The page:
This Is The End Set Visit Interviews: Seth Rogen, James Franco, Jonah Hill And More Tell All

By Katey Rich 2013-04-16 13:01:17discussion comments
On some set visits, you spend a lot of time talking to the people who make the film look the way it does, from the production designers to the costumers to the director, all of them showing you their amazing special effects and the unique world they've created, usually within a soundstage. And while the effects on This Is The End will no doubt be impressive-- directors Seth Rogen and Evan Goldberg still seemed slightly amazed that Sony even gave them the budget they had-- the movie is really all about the talking, and the comedic spark between the six main characters, all of whom we've seen playing friends in one combination or another for years.

There's Rogen and James Franco, who met over a decade ago playing buddies on Freaks & Geeks. There's Rogen and Franco and Danny McBride and Craig Robinson, who were at the center of the stoner action comedy Pineapple Express. There's Rogen and Jonah Hill and Jay Baruchel, who were three of the slacker roommates in Knocked Up. And behind it all there's Rogen and Goldberg, childhood friends who wrote Superbad together when they were 13 and who are making their directing debut on This Is The End, which at moments looked like an expensive excuse to get all their friends together and improvise in a giant set that was supposed to be James Franco's Los Angeles mansion.

You've probably caught one of the many hilarious trailers or clips for This Is The End, which show off the party at Franco's house that gets disrupted when, well, the world seems to be ending. But for how the movie came together, how the guys improvise together on the set and how they avoid keeping in too many in-jokes, check out this compilation of the interviews we conducted on This Is The End's New Orleans set last June. And for everything you need to know about This Is The End, click here.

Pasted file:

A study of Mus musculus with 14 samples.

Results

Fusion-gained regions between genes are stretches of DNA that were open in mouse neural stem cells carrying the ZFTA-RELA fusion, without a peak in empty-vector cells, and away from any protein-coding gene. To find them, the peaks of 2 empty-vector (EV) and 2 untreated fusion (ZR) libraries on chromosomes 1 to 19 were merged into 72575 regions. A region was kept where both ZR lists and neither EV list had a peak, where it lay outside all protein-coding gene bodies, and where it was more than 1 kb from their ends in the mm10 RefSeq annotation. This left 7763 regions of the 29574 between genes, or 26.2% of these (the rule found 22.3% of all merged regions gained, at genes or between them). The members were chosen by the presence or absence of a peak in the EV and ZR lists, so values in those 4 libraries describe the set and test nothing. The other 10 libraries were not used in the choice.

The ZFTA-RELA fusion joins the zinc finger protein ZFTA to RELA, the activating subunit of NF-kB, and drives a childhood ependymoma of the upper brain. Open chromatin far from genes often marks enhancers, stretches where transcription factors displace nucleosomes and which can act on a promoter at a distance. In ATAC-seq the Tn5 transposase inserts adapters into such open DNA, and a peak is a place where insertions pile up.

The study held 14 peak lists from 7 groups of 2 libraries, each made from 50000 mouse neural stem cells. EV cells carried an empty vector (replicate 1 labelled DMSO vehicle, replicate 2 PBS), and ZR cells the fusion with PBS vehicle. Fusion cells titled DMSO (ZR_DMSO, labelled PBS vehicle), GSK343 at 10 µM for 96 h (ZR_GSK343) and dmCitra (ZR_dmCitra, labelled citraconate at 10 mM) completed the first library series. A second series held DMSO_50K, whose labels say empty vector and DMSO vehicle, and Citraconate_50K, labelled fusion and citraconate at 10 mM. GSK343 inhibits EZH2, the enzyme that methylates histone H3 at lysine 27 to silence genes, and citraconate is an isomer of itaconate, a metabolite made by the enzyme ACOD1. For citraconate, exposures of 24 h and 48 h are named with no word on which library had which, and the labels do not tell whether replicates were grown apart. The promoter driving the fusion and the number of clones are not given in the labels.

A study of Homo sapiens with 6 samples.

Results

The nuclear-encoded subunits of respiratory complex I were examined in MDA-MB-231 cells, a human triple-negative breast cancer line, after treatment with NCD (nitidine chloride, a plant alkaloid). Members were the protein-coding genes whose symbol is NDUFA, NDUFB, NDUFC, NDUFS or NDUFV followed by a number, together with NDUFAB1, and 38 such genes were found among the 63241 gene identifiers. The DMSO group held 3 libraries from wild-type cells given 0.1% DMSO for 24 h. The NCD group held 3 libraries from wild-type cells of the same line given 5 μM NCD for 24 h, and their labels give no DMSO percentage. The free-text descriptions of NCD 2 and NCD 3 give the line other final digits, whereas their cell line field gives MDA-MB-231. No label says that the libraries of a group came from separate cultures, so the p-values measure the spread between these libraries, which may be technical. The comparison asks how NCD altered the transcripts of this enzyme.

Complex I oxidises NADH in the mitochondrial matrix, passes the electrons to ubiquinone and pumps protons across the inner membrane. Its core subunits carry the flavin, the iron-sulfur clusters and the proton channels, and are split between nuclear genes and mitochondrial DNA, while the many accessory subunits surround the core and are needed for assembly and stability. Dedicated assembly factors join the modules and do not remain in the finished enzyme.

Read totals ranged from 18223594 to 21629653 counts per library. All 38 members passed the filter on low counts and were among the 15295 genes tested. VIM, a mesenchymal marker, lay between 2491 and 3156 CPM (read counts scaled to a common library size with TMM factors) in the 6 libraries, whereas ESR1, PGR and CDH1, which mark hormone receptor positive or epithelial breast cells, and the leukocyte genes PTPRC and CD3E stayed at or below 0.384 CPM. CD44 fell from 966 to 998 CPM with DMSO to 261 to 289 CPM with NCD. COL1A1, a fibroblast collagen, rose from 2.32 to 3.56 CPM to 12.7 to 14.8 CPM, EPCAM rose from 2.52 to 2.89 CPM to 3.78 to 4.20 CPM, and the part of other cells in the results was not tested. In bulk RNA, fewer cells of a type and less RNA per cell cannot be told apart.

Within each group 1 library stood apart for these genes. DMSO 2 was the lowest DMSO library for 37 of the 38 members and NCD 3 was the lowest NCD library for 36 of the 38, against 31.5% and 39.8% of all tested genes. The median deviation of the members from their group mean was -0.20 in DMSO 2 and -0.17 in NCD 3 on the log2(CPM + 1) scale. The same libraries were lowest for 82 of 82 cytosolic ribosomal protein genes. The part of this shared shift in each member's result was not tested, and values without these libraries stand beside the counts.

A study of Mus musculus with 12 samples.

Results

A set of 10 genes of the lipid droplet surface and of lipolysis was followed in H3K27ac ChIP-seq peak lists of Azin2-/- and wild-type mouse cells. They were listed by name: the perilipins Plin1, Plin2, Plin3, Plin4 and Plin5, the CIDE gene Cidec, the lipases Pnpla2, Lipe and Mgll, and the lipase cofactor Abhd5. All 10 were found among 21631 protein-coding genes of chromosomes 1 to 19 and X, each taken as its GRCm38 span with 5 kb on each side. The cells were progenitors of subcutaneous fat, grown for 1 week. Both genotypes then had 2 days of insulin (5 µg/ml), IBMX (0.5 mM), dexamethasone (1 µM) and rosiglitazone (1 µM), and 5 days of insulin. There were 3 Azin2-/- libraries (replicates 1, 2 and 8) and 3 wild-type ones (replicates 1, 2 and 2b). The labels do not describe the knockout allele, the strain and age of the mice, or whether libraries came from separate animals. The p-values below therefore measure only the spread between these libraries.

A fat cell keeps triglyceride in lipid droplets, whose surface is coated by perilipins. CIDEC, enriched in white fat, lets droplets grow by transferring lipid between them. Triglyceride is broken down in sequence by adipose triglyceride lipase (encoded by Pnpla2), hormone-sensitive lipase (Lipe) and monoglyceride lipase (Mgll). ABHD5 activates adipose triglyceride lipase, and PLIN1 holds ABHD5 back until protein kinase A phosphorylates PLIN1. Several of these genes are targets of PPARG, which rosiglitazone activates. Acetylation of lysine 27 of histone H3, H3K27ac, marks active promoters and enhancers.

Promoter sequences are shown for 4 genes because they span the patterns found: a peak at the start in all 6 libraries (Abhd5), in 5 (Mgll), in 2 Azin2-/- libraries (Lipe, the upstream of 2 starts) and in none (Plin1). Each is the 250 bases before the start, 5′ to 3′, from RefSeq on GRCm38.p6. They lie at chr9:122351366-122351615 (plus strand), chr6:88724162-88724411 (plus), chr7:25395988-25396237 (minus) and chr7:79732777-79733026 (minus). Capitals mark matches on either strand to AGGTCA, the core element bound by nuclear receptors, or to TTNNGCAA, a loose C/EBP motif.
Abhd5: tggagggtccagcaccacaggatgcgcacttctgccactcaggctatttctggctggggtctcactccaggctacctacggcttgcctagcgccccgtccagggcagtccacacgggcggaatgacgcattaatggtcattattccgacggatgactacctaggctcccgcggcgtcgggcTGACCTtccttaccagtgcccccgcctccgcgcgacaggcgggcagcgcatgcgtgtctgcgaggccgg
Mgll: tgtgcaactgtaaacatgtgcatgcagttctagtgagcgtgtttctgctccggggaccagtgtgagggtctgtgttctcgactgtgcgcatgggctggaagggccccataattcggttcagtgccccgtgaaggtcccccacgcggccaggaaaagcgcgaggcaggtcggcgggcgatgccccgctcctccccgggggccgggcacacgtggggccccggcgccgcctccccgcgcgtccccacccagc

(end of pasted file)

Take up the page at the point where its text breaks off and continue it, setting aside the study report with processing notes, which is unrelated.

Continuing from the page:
The whole project started with "Jay and Seth vs. The Apocalypse," a short that debuted online in 2007 and was rumored to become a feature film not long after.
Baruchel: Itís been six, seven years that Iíve been waiting for this thing to finally get going and Iím still blown away that people think our little short can be a movie, so itís pretty neat to see it come to fruition.

The short happened because a friend of ours named Jason Stone, who is over there at video village. He was graduating from USC and he kind of wanted a calling card for potential directing gigs so he and Evan came up with this silly idea of me and Seth being stuck in an apartment together and just bitching at each other, so we went to USC and shot for two days on this awesome set that these kids built and yeah, that was it.

Was there ever a point when the feature version was just going to be the two of you or was it always going to be more people?
Baruchel: Oh, I have no idea. Yeah. I think maybe at the very beginning, but I think that would have limited the scope of the thing and the voices that could be in it. I think just him and I made sense for seven minutes or a trailer but I think for a whole movie people would probably get sick of just the two of usÖ

Goldberg: The basic idea was: Whatís the biggest concept we could do at the cheapest price possible? And that lends itself to making a big movie. We never wanted to do a small version but we wouldíve. If it came down to it.

Rogen: I mean we made an End of the World movie in that short, for like literally like zero dollars. So that was kind of the idea, was to make an epic giant movie that, you know, was somewhat contained at times so you could kind of afford to spend your money on the big stuff when you needed to basically. I mean, visual effects have come so far at this point, you really can do a lot with not a little money.

Goldberg: †Like Chronicle kind of blew our fucking minds.

Rogen: Yeah, we look to movies like Chronicle and Cloverfield and a lot of movies that use practical effects in great ways. Those were really what guided us and let us know what we could do something that was visually epic and gigantic but for a price that we could do whatever the fuck we wanted basically.